How do green screens work? You know, when they film people and put some other background into the picture — Hogwarts School, an alien spacecraft, the Avengers in battle, or just the local weather map.
The resulting images can look incredibly realistic — especially on a big-budget picture. So how do they make the magic happen? We’ll tell you the secret.
Movie magic, courtesy of green screens
Green screens are often used in the movie and TV industry to either add in a background that would be too inconvenient, costly or dangerous to shoot in — or just to superimpose a background of something that doesn’t exist, like a vista of castles and dragons. It’s also what local news stations often do to allow meteorologists to point to things on the weather maps.
The process is more correctly referred to as chroma key compositing or simply chromakey… but any way you slice it, it’s just layering two images together.
How it works
Put simply, the subject is filmed (or photographed, as this works for still images too) in front of a single color backdrop. In most cases, blue or bright green is used, as these colors are not found in (healthy) human skin tones, so there won’t be parts of someone missing.
The background color is then replaced by the alternate footage using a computer process — any bits of the image that are green (or blue, depending) are removed and “covered up” by the new background image or video.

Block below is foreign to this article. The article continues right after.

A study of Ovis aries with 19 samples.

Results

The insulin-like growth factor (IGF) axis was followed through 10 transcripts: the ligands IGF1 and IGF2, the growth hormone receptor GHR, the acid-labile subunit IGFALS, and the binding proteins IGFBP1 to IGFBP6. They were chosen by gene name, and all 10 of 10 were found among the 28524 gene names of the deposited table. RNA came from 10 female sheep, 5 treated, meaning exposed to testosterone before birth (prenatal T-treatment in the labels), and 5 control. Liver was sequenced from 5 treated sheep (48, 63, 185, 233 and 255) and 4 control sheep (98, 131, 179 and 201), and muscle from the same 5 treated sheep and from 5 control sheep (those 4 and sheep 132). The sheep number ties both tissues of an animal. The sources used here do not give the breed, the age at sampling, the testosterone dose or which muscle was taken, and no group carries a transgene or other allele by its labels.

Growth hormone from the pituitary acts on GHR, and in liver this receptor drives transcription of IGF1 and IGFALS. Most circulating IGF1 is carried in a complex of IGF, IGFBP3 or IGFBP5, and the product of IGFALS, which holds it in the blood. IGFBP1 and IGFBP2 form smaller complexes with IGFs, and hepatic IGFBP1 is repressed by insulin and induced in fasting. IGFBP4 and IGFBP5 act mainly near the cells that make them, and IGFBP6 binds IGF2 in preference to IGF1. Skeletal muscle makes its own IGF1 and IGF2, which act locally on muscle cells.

In order for this to work well, the background must be very evenly lit — shadows or darker areas of the background might be dark enough to not be recognized by the equipment that replaces the background image. This can result in visual errors where areas of the color background can be seen through (or in place of) the replacement background.
It also is important to note that one should avoid wearing any articles of clothing that closely match the color of the backdrop being used, as they would end up being replaced with the background video.
To that end, chromakey can be used to overlay an actor with a digitally-generated costume, or to make it appear that someone is missing a limb (think Lieutenant Dan in Forrest Gump).
Green vs blue
For many years, blue was the color of choice for chroma key effects in the film era — mainly because it is further from red in the visual spectrum than green, and 70% of the human skin tone (of all skin colors) is comprised of red hues.
Green, however, has become increasingly popular during the digital era, as the image sensors in digital video cameras are most sensitive to green, mimicking the human eye’s increased sensitivity to green light.
Green is also preferred as it won’t conflict with a blue sky in an outdoor shot (causing part of the sky to be replaced by the background video) or with common clothing colors like the blue in denim jeans — or even blue eyes.
Try this at home, kids
Once available only to Hollywood due to cost and difficulty, home video buffs can set up and use chroma key backdrops pretty much anywhere.